Behind last night's Bing outage

Microsoft says that a change that was being tested was mistakenly moved onto the live site, causing Thursday night's sitewide outage.

Microsoft says a change that was being tested was inadvertently moved onto the live Bing.com site, causing a half-hour outage on Thursday. CNET

Microsoft said that a configuration change that was mistakenly moved from testing onto the live Bing.com site was to blame for an outage Thursday that left Microsoft's search engine completely inaccessible for more than half an hour.

A Microsoft representative told CNET on Friday that the problem appears to have come when something being tested was moved onto the live site.

"A configuration change was mistakenly propagated to production from staging," the representative said. "It was supposed to stay in the test environment--it was a mistake."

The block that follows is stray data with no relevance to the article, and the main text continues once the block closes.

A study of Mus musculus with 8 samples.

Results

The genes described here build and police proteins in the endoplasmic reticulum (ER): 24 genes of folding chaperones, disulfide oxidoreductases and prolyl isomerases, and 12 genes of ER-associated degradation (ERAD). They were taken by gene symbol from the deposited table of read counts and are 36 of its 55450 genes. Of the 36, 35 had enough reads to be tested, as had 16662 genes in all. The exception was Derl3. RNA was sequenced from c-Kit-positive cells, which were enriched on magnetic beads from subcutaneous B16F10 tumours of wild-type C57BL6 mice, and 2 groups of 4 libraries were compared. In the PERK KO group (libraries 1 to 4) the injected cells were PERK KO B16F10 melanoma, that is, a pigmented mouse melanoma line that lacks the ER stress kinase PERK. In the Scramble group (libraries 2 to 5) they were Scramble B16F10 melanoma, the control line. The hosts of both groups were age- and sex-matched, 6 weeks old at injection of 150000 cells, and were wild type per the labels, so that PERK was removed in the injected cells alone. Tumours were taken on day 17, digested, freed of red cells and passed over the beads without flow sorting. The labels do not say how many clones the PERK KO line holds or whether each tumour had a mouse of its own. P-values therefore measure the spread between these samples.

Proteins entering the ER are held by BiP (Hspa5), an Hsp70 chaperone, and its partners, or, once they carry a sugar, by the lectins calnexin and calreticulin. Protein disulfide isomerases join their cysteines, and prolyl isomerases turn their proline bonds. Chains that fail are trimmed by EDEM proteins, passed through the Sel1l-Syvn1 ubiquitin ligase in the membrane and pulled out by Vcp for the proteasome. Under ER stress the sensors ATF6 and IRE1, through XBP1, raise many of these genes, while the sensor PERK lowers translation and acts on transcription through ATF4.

In a blog posting that went up late on Thursday night, Microsoft Senior Vice President Satya Nadella said that a change made during testing had "unfortunate and unintended consequences."

"As soon as the issue was detected, the change was rolled back, which caused the site to return to normal behavior," Nadella said. "Unfortunately the detection and rollback took about half an hour, and during that time users were unable to use bing.com."

And here I thought Microsoft was just trying to be energy efficient by running Bing only 23 hours a day.

Nadella said that Microsoft is exploring what went wrong to make sure it doesn't happen again. The outage came just a day after Microsoft announced a variety of changes to Bing , including added detail for some results and improved mapping tricks .

On the plus side, though, as ZDNet colleague Larry Dignan pointed out, at least people noticed there was an outage. It's all about mindshare, right?